The Loop of Fine Wire

Postcard packs his bags

The following trifle has kept growing since I started it years ago, prior to the currently-popular social media platforms. In a year or two, it could probably be written again with Instagram the one slipping out of town unnoticed. Who can foresee the future? But I hate to envision one without postcards.

In the days before VHS, back when teenagers complained of mimeograph stains on their fingers and not sore thumb syndrome, Adlai Stevenson said it well: “Technology, while adding daily to our physical ease, throws daily another loop of fine wire round our souls.”

Postcard had a good life, traveling the world and sharing news and beautiful images to mailboxes everywhere, until the BMOC (Bigger Means of Communication) came on the block.

His only friend was Letters — he came enveloped in "Trust Me."

Telegram was rushed up the stairs, its recipient swooning. Postcard got left in the hall — they'd read him later.

Haughty Telex had a cool name and taunted Postcard!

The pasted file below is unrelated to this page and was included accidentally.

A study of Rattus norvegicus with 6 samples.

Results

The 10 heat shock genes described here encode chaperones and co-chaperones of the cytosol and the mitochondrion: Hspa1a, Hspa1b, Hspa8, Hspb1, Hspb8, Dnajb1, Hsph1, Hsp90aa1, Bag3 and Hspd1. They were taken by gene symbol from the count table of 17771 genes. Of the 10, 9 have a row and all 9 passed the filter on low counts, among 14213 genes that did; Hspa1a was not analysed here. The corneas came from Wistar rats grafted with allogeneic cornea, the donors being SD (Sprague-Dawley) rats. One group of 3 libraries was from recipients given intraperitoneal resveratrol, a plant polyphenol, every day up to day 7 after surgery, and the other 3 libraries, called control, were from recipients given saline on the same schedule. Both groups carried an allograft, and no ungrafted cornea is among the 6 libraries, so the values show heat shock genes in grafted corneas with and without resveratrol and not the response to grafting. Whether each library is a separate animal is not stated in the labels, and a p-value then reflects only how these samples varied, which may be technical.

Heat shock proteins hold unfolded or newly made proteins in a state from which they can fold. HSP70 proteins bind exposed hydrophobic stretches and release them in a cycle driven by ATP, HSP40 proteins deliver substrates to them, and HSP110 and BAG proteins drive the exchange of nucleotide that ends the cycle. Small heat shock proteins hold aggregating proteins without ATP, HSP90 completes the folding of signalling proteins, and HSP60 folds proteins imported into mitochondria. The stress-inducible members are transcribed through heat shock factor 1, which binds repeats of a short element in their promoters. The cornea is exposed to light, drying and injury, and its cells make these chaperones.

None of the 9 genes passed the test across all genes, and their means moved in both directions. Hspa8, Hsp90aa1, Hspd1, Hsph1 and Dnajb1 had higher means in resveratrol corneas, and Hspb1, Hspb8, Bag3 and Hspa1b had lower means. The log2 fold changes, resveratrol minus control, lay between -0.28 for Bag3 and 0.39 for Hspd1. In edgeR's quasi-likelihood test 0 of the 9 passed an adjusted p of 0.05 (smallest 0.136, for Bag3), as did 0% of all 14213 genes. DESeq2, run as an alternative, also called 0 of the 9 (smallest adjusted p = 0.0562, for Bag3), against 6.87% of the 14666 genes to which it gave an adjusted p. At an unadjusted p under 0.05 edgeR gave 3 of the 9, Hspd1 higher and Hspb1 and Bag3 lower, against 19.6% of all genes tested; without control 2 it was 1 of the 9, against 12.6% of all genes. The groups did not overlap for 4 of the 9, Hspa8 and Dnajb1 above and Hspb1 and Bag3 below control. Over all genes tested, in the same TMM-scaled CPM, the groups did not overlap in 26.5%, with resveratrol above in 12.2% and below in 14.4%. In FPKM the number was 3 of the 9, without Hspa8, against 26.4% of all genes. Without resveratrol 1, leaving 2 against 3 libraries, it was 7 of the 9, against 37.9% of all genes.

Fax came along and teased Postcard for being slow.

Then IMs got into the act, too. But other swift paramours would replace even them and kept after Postcard.

E-mails, running in packs, sneered, "Dog-eared relic with a silly stamp — look at all our shiny attachments! Bling Bling!"

Phone cameras pushed poor Postcard into a post office box, saying, "We were taken at the mall two minutes ago. Your motel parking lot image was so 1959!" (LOL!)

“Out my way, old timer,” sneered Voice Mail, but later Kid Text swaggered into town and scared him away.

Postcard hid in the racks where no one looks at him anyway.

After a short time, Kid Text became sidekick to Facebook, but even Facebook couldn’t keep up with that fast crowd, the Social Media Gang: Twitter, Skype and Tumblr.

Instagram said, “Ha! We were taken two minutes ago to LOOK like 1959!”

Postcard packed his bags, and though he smiled when he heard the cool kids didn’t like Facebook anymore, he felt a little bad when he stepped over My Space slumped dozing on the ground next to the last payphone in town, gripping his Palm Pilot.

(The phone book they didn’t even bother to replace years ago.)

Postcard left town — no forwarding address — except for those who knew him well

Kirby Neumann-Rea writes letters and postcards every week. Don’t even ask him how Instagram works.